Why household formation drives homebuilder demand (Part 5)

Why household formation drives homebuilder demand (Part 5) PART 1 OF 1

Why household formation drives homebuilder demand (Part 5)

Why household formation drives homebuilder demand (Part 5)


The pent-up demand combined with a lack of construction in recent years means homebuilders have a great set of circumstances

Housing has been the story of the economy since 2004. During the bubble years, housing and construction employed a lot of people—not only construction workers, but also professionals who work in the real estate industry. This boom caused unemployment to drop below 5% during the salad days.

The Great Recession was driven by a banking crisis, which had at its root a residential real estate bubble. When that bubble burst, many people lost much of their net worth and their jobs. By some estimates, over half the jobs lost during the Great Recession directly or indirectly related to the real estate industry. The lack of a robust housing sector has been the primary reason why this recovery has been so anemic and unsatisfying.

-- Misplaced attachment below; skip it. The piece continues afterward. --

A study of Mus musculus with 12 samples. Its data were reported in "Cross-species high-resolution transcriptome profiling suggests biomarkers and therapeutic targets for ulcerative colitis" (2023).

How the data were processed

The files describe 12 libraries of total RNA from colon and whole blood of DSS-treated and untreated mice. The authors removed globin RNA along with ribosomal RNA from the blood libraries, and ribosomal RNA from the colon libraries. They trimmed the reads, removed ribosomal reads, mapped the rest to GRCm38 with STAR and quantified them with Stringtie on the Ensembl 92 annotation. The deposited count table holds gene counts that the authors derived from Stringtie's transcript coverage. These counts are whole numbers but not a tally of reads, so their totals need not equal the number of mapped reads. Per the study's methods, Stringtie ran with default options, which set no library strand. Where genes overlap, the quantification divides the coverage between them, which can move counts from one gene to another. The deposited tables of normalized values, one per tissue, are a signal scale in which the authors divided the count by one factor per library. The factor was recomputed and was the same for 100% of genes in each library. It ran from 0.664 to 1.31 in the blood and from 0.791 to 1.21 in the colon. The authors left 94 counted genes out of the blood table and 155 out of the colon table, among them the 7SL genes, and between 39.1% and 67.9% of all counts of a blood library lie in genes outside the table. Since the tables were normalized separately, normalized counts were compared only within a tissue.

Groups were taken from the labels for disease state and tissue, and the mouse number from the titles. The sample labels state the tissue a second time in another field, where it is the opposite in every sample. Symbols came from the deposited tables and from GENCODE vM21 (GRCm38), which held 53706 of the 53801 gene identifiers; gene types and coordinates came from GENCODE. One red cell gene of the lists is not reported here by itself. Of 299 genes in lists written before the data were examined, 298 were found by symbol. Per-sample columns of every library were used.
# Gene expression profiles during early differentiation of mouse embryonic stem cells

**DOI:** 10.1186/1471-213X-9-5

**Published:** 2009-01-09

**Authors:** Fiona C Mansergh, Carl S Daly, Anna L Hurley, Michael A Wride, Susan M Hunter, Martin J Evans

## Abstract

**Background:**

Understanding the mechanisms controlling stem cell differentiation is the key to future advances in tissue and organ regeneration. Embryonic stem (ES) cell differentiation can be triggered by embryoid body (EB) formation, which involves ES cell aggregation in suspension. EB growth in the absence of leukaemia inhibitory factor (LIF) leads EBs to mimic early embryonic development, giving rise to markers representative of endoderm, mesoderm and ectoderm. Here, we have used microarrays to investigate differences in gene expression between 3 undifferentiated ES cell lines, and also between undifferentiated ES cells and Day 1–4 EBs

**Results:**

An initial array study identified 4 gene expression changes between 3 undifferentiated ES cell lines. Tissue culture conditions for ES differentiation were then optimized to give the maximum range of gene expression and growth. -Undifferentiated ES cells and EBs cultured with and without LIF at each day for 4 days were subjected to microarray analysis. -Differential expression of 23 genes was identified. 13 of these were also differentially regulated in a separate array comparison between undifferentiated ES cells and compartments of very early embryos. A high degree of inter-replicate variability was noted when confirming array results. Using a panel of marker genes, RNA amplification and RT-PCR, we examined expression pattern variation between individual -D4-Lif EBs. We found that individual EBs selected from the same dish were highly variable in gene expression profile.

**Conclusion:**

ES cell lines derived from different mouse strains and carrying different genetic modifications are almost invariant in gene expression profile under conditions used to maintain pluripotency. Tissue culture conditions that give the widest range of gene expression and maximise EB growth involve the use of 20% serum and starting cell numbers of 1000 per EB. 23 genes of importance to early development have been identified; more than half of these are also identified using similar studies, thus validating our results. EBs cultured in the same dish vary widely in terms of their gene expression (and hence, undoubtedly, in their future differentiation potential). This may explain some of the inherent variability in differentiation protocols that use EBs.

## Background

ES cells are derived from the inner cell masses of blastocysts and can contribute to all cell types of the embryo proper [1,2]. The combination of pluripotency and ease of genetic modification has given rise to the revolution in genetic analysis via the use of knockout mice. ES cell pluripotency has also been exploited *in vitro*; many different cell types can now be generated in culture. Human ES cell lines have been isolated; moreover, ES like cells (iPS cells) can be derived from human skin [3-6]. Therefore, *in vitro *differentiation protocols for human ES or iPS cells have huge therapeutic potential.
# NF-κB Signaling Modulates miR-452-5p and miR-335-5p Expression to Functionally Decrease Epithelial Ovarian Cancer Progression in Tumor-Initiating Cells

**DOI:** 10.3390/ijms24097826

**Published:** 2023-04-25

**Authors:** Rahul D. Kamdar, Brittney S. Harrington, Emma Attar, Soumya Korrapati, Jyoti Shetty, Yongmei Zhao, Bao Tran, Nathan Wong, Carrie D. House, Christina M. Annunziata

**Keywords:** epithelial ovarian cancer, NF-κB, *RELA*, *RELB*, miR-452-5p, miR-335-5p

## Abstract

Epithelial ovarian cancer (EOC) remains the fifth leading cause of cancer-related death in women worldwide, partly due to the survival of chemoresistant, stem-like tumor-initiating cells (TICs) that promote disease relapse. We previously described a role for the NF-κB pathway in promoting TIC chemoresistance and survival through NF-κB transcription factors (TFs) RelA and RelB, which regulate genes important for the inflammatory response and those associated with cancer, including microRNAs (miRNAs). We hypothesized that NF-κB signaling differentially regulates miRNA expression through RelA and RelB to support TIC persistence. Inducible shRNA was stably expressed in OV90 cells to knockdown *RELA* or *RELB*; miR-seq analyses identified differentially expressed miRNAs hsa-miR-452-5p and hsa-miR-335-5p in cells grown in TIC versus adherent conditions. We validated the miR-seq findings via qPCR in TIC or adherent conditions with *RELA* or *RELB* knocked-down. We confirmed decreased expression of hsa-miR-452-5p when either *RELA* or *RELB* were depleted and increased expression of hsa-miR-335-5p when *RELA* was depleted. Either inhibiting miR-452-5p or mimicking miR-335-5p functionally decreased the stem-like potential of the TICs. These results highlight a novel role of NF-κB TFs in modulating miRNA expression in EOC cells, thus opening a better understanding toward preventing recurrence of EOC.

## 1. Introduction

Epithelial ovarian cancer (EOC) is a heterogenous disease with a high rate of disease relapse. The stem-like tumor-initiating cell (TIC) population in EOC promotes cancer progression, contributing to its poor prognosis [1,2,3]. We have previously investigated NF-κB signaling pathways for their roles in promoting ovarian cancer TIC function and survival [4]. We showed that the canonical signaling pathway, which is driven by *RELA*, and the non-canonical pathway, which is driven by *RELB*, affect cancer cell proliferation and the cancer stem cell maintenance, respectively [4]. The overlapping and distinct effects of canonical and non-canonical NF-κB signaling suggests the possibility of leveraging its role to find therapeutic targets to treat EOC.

But that circumstance is changing. As the housing recovery has taken hold, many would-be buyers are finding a lack of inventory. Part of this scarcity is due to geography. In judicial states, the shadow inventory (or homes in foreclosure) has been held off market due to a congested legal system. In non-judicial states, that inventory has been bought, largely by professional investors. Either way, homebuyers meet with inadequate supply.

This leaves the homebuilders like KB Home (KBH), Lennar (LEN), Toll Brothers (TOL), Standard Pacific (SPF), and NVR in a great position. As the economy recovers, they’re finding themselves having to meet the demand for first-time homebuyers and for move-up homebuyers. Earnings reports from the builders have been strong, with increases of 50% or more in sales and backlog. It’s important to remember that while growth is coming from distressed levels, current production is still well below historical averages and doesn’t take into account the additional demand that will release as household formation numbers increase in the future.

With pent-up demand of roughly 2 million households, housing starts of under 1 million per year for the past five years, and an obsolescence rate of roughly 300,000 units per year, there’s a tremendous amount of pent-up demand that the homebuilders must satisfy. This supply and demand imbalance will drive homebuilder earnings for years to come.